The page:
En route to Chile

Office of the Secretary General, AI’s mission, Head, Delegate, Chile / Judit Arenas

 I’m of a generation for whom the 11th of September was a turning point long before 9/11(of 2001). Only months after I was born in 1973, the coup d’etat took place in Chile, forever changing the psyche for many, not just In Latin America, but beyond.

I re-read Gabriel Garcia Marquez’s tale of “La Aventura de Miguel Littín clandestino en Chile” – the story of the reknown chilean film director Miguel Littín who was on a list of 5,000 people who lived in forced exile during the Pinochet regime. Miguel Littín risked it all to go back to Chile in 1985 to film the reality of life under the military dictatorship and Garcia Marquez’s reportage makes appropriate reading on the plane from Sao Paulo to Santiago.

Probably, out of the many missions I’ve been on for Amnesty International, this will be one of the most emotive ones for me.

I grew up surrounded by Chilean exiles who had taken refuge in Mexico – whether friends in school, or friends or students of my parents. It wasn’t until I was older that I understood how hard exile was for them, particularly for those who had invested so much in their country, or indeed for those closer to my age who really didn’t know Chile but just knew they couldn’t return; or for those who lived in a constant stafe of fear, always watching their backs since the tentacles of the military dictatorship extended far beyond Chile.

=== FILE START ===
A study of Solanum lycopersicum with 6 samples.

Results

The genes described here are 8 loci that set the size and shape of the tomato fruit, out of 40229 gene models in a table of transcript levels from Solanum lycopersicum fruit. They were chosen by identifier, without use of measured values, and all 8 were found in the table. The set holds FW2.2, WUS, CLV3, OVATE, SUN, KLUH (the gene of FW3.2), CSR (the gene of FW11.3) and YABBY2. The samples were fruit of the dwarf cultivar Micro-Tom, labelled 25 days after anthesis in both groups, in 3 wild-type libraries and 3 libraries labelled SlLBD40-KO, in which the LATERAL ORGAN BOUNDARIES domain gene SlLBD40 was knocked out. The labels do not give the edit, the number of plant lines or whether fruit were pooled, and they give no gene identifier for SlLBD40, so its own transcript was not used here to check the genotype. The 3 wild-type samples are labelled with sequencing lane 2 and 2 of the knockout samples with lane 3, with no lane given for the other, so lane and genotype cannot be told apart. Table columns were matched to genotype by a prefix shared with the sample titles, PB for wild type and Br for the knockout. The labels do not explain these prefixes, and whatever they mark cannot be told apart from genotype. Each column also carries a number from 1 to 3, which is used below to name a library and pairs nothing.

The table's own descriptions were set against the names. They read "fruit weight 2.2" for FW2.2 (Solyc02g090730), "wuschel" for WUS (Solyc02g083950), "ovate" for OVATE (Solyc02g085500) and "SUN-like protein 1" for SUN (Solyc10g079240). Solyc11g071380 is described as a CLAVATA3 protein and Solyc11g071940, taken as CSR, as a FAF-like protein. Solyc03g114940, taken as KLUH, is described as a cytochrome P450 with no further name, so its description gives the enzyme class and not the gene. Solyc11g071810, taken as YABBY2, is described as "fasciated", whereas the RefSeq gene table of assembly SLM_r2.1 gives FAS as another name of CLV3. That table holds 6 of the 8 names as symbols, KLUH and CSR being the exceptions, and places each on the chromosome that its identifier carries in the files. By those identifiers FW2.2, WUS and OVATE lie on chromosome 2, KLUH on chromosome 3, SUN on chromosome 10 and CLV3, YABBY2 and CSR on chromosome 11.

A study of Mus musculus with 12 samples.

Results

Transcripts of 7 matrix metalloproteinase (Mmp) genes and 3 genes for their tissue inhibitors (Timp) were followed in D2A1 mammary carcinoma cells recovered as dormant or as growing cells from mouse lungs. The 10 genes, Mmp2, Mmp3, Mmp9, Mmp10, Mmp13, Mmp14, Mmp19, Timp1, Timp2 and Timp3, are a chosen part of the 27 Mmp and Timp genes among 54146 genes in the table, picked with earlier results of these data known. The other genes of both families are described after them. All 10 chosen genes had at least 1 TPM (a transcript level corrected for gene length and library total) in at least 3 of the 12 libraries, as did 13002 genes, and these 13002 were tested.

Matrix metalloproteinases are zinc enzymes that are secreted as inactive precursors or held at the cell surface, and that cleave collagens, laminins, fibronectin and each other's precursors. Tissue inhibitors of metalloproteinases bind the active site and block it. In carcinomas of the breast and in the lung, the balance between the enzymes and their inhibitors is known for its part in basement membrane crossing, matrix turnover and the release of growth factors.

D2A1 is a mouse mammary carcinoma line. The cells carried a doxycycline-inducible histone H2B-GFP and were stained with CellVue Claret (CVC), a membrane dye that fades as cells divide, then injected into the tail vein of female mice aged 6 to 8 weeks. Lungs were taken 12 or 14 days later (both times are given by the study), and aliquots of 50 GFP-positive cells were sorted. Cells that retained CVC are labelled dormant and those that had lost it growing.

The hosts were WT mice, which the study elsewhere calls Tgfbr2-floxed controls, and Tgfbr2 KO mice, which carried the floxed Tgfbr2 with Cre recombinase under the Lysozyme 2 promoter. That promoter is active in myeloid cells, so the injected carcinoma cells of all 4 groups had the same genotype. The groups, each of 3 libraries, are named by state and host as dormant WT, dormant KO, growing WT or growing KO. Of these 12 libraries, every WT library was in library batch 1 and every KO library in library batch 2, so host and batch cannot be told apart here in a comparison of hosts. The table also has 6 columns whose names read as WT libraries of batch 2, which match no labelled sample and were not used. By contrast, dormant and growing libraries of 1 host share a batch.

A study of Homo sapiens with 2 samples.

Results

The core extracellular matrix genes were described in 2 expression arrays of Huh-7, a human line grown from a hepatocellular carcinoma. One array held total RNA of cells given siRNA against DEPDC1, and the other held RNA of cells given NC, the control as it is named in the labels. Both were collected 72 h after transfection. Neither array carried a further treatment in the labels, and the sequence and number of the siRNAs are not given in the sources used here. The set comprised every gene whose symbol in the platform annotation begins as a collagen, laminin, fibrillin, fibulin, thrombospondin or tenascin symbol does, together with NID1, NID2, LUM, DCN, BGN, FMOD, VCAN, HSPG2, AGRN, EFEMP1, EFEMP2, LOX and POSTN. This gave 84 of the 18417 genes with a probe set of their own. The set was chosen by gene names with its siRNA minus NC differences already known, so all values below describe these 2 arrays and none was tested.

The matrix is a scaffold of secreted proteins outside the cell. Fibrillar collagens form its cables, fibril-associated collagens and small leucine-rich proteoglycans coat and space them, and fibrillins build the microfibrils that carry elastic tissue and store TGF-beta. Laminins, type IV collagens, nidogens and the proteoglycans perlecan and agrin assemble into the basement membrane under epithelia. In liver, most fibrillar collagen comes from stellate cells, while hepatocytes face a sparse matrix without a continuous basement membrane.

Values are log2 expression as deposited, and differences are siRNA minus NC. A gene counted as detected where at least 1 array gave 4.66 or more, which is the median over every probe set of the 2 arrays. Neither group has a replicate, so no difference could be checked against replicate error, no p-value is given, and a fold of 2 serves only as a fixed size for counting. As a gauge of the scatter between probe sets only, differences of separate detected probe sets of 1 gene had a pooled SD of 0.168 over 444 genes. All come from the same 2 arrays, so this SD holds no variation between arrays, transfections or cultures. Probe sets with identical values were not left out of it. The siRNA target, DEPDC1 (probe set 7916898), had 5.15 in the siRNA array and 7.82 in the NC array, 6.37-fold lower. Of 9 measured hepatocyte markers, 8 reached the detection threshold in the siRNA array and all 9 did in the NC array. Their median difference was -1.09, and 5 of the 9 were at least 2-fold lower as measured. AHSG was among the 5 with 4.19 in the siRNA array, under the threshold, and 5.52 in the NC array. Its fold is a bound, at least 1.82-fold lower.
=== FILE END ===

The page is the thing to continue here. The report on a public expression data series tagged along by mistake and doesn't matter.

I have very vivid memories of family friends scanning the lists of names published by the Pinochet regime of those in exile who would be allowed to return to Chile. And of the deep disappointment when their name was not published.

Growing up in Latin America it was impossible to escape the horrors of the atrocities in Chile during the military dictatorship: from the horrors of what happened in the Estadio Nacional in 1973, to the torture in the infamous secret detention centres like Villa Grimaldi, the countless people who disappeared – many thrown into the sea.

Chile has no doubt changed from when the first Amnesty International Secretary General visited in 1978, but will the scars have healed?